Earlier this week, the news careened around the Interwebs: former US President George W. Bush had finally joined the Twitter revolution. His official Twitter feed, @George_WBush, had upwards of 7,000 followers, and Bush was offering up some serious gems, most of them in the third-person. "Since leaving office, President Bush has remained active," read one tweet. "He has visited 20 states and 8 countries."
The only problem? @George_WBush is a fake account. (Maybe folks should have been clued in by the third-person tweeting. Or then again, maybe not.) In an interview with ABC News, Bush spokesman David Sherzer said George W. Bush did join Facebook this week, but he has no plans to join Twitter.
Sorry, loyal Bush fans. You've been had.
No word on who launched the fake George W. Bush Twitter account. But as the folks at ABC News point out, "whoever is controlling the (fake) @George_WBush has a sense of humor: That account is following four other accounts – the Republican Party, Sen. John McCain, Sarah Palin, and President Obama. Not being followed: The (real) account of @LauraWBush."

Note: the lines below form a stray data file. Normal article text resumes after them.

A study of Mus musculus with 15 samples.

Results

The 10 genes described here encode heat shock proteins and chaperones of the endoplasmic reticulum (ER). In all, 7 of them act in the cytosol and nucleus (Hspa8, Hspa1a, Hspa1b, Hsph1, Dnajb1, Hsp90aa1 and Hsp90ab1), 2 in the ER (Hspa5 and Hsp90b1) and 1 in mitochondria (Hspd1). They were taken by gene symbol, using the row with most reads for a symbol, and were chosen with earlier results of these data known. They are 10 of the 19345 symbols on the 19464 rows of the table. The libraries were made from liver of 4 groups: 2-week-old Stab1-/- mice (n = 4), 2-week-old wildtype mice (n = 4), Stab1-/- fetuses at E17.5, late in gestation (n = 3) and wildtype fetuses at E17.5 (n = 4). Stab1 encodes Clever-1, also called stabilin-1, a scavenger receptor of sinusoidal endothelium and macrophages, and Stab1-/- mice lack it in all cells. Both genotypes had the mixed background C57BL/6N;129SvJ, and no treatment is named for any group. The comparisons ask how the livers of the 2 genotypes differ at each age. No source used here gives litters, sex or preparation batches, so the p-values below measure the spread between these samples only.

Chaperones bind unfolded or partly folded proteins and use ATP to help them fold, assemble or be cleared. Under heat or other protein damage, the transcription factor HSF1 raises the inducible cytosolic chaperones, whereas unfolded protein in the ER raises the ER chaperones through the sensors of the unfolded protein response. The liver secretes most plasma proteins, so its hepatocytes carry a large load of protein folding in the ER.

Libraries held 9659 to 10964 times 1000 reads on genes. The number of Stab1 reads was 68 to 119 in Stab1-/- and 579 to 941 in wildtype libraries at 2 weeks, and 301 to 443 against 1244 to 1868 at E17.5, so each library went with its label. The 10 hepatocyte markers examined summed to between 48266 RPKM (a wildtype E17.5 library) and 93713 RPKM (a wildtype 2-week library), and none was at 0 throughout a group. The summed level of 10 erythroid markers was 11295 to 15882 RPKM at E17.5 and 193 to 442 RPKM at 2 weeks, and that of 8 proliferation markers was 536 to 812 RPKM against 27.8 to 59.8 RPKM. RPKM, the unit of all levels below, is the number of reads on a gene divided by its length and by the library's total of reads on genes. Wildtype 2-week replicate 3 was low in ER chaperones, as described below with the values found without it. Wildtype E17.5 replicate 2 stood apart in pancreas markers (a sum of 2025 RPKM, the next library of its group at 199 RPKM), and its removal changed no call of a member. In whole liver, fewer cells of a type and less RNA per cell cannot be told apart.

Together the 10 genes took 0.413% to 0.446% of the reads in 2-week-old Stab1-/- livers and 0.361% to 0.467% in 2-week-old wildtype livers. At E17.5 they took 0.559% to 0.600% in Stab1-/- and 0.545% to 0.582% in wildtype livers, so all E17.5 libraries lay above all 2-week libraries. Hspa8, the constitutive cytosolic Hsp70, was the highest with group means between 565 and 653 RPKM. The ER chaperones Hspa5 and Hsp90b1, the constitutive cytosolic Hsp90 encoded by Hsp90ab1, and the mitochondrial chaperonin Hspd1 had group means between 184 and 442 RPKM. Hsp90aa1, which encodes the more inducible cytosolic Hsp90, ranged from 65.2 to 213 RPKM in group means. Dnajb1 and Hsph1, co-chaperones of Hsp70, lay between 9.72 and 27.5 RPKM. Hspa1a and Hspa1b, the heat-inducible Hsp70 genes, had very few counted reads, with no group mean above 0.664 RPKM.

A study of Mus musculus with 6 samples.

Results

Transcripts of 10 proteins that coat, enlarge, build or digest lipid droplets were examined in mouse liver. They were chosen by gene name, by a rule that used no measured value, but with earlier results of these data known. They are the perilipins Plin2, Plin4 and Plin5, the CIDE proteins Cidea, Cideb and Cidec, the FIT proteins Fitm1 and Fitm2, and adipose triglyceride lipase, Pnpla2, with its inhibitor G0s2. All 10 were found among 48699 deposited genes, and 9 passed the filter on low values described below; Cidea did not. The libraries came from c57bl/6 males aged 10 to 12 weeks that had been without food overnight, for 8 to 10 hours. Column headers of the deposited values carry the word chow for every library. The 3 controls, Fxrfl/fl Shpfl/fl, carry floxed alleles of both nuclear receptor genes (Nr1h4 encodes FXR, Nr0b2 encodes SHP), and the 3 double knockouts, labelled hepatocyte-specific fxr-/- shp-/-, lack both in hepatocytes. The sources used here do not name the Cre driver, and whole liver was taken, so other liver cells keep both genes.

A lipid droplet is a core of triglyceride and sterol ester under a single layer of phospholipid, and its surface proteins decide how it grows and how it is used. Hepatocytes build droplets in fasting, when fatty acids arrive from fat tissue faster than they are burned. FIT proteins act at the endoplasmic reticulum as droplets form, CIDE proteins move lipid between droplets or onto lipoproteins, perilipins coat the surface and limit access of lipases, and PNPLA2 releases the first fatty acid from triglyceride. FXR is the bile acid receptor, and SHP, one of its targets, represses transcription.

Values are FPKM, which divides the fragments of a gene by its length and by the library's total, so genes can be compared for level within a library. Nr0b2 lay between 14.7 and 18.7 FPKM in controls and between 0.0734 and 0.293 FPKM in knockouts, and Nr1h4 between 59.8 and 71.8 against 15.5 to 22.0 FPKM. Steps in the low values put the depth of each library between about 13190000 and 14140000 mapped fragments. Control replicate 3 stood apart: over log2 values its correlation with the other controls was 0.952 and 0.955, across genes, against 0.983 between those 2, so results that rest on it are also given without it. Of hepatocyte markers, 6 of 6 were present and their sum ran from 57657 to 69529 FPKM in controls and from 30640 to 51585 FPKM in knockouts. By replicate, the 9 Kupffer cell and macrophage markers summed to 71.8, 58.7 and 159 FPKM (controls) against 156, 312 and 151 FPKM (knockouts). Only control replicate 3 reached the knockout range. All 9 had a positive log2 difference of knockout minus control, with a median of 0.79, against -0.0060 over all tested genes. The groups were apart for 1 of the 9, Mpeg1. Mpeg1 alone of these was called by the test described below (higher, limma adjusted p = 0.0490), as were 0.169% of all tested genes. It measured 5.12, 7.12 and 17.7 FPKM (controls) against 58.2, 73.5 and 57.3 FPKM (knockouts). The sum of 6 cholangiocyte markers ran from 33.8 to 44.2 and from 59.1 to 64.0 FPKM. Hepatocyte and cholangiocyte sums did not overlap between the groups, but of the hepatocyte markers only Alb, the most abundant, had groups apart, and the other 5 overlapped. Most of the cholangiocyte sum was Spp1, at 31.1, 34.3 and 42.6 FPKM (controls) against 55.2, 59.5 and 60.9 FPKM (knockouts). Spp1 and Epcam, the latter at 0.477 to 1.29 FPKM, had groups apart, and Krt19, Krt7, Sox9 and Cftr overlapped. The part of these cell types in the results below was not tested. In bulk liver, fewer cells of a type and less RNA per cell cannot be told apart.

If Bush does decide to take up Twitter, he'll likely get a pretty warm reception. The track record for late Twitter adoptees, after all, is very good. In June of 2009, Conan O'Brien created a "Twitter Tracker" segment to poke fun at the popular micro-blogging platform. Then, after a messy game of tug-of-war over O'Brien's late night show on NBC – much of it played out in public – Conan took up Twitter with alacrity.
He currently has more than a million followers.
Then there's the case of Craig Ferguson, the Scottish-American comedian who joined Twitter in February. Ferguson had also poked fun at Twitter; he now uses the site to interact with his more than 200,000 followers.